Summer camp is traditionally a rite of passage, allowing kids to explore nature and make new friends while parents get some much-needed rest and relaxation.
But one independent school is offering a unique summer program for autistic children who would otherwise miss out on the experience.
Elizabeth Buckley School’s MusArt program takes children ages 7 to 11 into nature while teaching them critical social and communication skills through storytelling, music, art and science.
The program is aimed at moderately high to high-functioning children with autism, so many have higher verbal skills, said Laura Lane, behaviour interventionist and special needs educational assistant at the school.
“I’ve been working with children for quite a while and have a lot of joy in doing that. I thought this program would be a nurturing space and environment to create a sense of connection and positive feeling,” she said.
Each week of camp will include main themes focused around the four elements of nature.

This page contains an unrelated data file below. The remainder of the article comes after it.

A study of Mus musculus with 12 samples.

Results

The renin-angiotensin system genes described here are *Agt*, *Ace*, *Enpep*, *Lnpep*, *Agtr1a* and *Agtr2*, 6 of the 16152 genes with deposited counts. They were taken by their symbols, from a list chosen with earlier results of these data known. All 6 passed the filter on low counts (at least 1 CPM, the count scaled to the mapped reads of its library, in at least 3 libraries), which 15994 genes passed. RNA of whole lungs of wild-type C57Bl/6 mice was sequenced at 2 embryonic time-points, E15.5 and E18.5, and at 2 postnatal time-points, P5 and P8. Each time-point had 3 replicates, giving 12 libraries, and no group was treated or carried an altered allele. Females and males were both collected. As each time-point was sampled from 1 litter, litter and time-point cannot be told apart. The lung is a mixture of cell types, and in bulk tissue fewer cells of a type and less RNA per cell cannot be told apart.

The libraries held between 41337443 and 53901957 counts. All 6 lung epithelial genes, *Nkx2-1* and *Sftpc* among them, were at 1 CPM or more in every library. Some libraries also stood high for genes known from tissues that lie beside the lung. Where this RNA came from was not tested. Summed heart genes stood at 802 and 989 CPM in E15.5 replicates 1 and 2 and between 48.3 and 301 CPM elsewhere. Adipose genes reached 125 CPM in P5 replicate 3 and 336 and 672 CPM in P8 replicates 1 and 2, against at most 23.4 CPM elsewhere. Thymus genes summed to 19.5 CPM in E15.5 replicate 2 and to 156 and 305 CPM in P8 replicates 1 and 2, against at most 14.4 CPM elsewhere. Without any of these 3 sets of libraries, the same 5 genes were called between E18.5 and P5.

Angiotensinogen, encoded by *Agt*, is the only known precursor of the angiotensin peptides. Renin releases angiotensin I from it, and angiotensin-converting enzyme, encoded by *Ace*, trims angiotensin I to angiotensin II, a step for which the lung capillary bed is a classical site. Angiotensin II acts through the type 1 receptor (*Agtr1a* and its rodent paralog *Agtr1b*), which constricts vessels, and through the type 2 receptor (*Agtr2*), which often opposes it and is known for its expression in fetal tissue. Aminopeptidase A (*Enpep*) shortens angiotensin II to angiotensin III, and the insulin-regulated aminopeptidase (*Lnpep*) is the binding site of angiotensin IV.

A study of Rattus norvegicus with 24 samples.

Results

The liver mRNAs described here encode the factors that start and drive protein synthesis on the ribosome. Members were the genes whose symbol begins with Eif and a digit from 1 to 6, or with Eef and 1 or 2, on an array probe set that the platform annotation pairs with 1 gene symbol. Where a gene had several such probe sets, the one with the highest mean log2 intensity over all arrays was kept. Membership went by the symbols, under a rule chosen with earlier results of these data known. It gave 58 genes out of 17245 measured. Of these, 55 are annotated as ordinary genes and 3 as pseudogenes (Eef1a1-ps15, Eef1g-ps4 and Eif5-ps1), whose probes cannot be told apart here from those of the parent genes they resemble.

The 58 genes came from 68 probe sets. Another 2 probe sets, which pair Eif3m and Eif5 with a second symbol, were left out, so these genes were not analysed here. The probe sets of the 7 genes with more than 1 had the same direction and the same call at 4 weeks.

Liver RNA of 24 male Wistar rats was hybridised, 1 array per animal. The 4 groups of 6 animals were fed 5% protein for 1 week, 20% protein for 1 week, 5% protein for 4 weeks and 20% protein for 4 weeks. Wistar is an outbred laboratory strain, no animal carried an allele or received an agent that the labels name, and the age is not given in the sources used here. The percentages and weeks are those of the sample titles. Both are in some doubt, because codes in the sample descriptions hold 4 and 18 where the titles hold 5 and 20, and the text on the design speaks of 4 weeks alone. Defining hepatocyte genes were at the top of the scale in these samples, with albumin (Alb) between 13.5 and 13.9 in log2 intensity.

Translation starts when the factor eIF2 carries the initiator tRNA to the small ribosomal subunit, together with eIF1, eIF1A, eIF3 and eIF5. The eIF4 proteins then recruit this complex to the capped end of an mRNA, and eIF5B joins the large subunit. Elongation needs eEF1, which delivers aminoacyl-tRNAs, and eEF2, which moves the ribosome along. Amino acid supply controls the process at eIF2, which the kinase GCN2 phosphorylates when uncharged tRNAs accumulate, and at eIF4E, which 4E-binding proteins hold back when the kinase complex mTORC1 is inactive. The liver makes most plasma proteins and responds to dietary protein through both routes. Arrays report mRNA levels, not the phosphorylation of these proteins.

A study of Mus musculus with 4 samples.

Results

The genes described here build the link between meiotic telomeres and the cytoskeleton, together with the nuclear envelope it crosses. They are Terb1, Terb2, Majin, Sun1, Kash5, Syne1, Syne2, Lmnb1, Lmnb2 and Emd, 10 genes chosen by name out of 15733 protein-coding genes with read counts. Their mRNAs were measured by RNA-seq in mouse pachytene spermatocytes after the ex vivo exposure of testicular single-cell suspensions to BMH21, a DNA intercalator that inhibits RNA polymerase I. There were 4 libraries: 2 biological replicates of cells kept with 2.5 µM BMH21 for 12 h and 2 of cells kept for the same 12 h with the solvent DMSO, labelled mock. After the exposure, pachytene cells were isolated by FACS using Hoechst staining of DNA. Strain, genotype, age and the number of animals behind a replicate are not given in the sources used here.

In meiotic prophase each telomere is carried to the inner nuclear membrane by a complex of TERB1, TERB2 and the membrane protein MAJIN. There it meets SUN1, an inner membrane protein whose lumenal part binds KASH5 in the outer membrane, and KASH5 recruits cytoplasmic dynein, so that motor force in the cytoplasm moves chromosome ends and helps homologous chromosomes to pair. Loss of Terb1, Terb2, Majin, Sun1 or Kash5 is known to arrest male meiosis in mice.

The program is facilitated by Lane and a behaviour support worker and has a maximum of five participants.
“A lot of it is to have a fun summer experience for these children,” Lane said. “They’ll probably teach me a lot, to be honest.”
Autistic children take time to learn simple social cues, and can benefit significantly from social games in a therapeutic context, she added.
“You might say hello and might not get a response right away or at all. That’s one skill we work on and explain why that’s important. In their world, it doesn’t necessarily make sense. … Children with autism, it’s hard at first to compromise and let go of that control.”
For more details about MusArt, call the school at 250-995-6425.